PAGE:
Tuesday, March 20, 2007

The Gero Codex

Codex Gero

10th century illuminated gospel manuscript

Gero Codex - illuminated manuscript

Gero Codex - Reichenau Monastery manuscript

Gospel scene from Gero Codex

Ottonian illuminations in Gero Codex

Ottonian painting - 10th century illuminated manuscript

illuminated manuscript from germany (letter S)

German illuminated manuscript - gospels (letter C)

10th century gospels in illuminated manuscript (letter N)

carolingian writing in illuminated manuscript

illuminated manuscript - carolingian miniscule

carolingian miniscule from 10th century gospel manuscript

decorated letters in german codex

carolingian script from reichenau monastery manuscript

illuminated letters in 10th century monastery manuscript

manuscript writing from german monastery

Codex Gero carolingian script

[click for larger versions]

This exquisitely beautiful manuscript, based at least in part on the Lorsch Gospels, was created in about 969 AD for Archbishop Gero of Cologne. I suppose there may have been restorative work carried out in modern times but the quality of preservation, after the passage of more than a thousand years, seems remarkable. Written in carolingian miniscule, the Gero Codex is the earliest of the Gospel manuscripts produced in the Swabian Abbey of Reichenau.

All of the full page miniatures are featured above and as far as I can make out from some rough translations, they include Saint Peter and the 4 Evangelists, Archbishop Gero and the presentation of the completed manuscript to him.

The Gero Codex [HS. 1948: Gero-Codex, Evangelistar UuLB Darmstadt] is housed today in the State Library in Darmstadt and the web presentation of the ~360 page manuscript is hosted by Manuscripta Mediaevalia (don't worry if the first page doesn't load, just arrow across - the miniatures are at the front of the work).

"The Register [pdf] of world documentary heritage currently comprises 91 documents from 45 countries. Included since the end of 2003 are the ten illuminated manuscripts from the monastery on the island of Reichenau in Lake Constance, which itself had been added to the list of UNESCO World Heritage already in 2000. The manuscripts are outstanding specimens of Ottonian book illustration in Germany. They have been selected as examples of the development of the monastic scriptorium, and of artistic innovation in book decoration. They are distinctive for the iconographic themes in their miniatures, and for the way in which they relate to the religious, political and cultural history of their time. The manuscripts are thus representative of the entire group of surviving manuscripts with Ottonian illumination from the Reichenau.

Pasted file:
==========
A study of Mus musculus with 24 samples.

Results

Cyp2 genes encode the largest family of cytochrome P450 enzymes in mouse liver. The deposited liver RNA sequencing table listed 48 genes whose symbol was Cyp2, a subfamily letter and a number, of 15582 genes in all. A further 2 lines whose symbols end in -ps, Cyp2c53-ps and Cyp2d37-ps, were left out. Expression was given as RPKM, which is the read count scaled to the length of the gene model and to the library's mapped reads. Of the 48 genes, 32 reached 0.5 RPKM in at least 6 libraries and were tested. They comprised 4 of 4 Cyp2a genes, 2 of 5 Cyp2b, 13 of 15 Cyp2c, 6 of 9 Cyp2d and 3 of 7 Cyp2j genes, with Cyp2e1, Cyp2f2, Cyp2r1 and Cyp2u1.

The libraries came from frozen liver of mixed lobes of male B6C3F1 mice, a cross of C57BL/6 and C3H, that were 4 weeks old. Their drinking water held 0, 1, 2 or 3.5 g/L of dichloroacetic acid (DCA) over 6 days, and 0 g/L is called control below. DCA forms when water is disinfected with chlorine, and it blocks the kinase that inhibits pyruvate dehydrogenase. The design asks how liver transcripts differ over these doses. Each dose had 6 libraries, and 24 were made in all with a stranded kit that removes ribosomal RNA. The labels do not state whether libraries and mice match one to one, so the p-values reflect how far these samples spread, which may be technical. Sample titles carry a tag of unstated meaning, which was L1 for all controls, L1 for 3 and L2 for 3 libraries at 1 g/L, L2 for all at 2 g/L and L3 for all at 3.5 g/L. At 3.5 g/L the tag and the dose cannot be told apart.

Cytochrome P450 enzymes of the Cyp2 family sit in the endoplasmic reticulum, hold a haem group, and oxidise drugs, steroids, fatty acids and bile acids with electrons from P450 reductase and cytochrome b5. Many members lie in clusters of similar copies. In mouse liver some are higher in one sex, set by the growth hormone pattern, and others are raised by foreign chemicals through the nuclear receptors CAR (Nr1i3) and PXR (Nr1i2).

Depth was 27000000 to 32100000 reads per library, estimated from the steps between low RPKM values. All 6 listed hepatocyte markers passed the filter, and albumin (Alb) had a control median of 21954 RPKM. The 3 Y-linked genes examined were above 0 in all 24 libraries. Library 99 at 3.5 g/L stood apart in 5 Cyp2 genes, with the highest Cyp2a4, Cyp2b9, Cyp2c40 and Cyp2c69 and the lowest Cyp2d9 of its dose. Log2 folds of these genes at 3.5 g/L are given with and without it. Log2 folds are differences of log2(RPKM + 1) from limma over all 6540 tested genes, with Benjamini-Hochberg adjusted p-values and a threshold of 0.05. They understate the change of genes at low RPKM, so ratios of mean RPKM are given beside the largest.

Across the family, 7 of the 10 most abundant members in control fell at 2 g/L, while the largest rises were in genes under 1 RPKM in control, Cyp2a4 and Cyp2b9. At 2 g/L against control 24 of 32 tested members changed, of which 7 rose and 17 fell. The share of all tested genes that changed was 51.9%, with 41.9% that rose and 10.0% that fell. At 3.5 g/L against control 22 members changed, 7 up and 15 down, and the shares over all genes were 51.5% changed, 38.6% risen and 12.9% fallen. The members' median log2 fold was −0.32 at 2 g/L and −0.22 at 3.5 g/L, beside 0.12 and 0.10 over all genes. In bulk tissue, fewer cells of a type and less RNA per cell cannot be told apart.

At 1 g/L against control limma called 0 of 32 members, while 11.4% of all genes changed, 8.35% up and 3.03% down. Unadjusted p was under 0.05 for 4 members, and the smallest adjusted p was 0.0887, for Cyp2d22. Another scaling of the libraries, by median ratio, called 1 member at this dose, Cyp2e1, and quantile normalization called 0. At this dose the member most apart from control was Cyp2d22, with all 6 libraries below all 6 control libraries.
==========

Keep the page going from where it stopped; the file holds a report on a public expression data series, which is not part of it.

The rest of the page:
In the 10th and 11th centuries, the Benedictine Abbey of Reichenau housed an artists' workshop, which was probably the largest and most influential in Europe. During its main period of activity, between c. 970 and 1010-20, a series of mainly liturgical manuscripts with precious decoration was produced there, commissioned by the most prominent members of contemporary society - Bishops of the Empire, Kings and Emperors. With vivid artistic imagination and remarkable innovation, the monks created great works of art whose beauty and perfection continue to fascinate us. Their design was inspired by Carolingian book illumination from the workshop at the court of Charlemagne, as well as by early Christian and Byzantine models."


madcynic said...

Tiny correction: It's not the Archbishop of Gero, it's Archbishop Gero of Cologne, Gero being his name. :)

peacay said...

Oh thanks for that madcynic - I was obviously asleep at the wheel. I blame everybody but myself.

christian said...

Congrats PK, this is a beautiful find...

Meredith Jones said...

Wow, what a stunning blog you have. Duly linked & blogrolled. These manuscript pages remind me that "multimedia" existed long before digital technologies.

peacay said...

Cheers Z!

Thanks for the kind words Meredith. I once loved a woman in Marrickville. If only she had been there at the same time..

Kittybriton said...

Thank you, once more Peacay, for your wonderful blogs. After several months of work, I have finally finished my Saxon Gospel Serving Tray.

peacay said...

Not quite deviant art Kittybriton, and I would think twice about plonking glasses and plates on top of it! Good one!!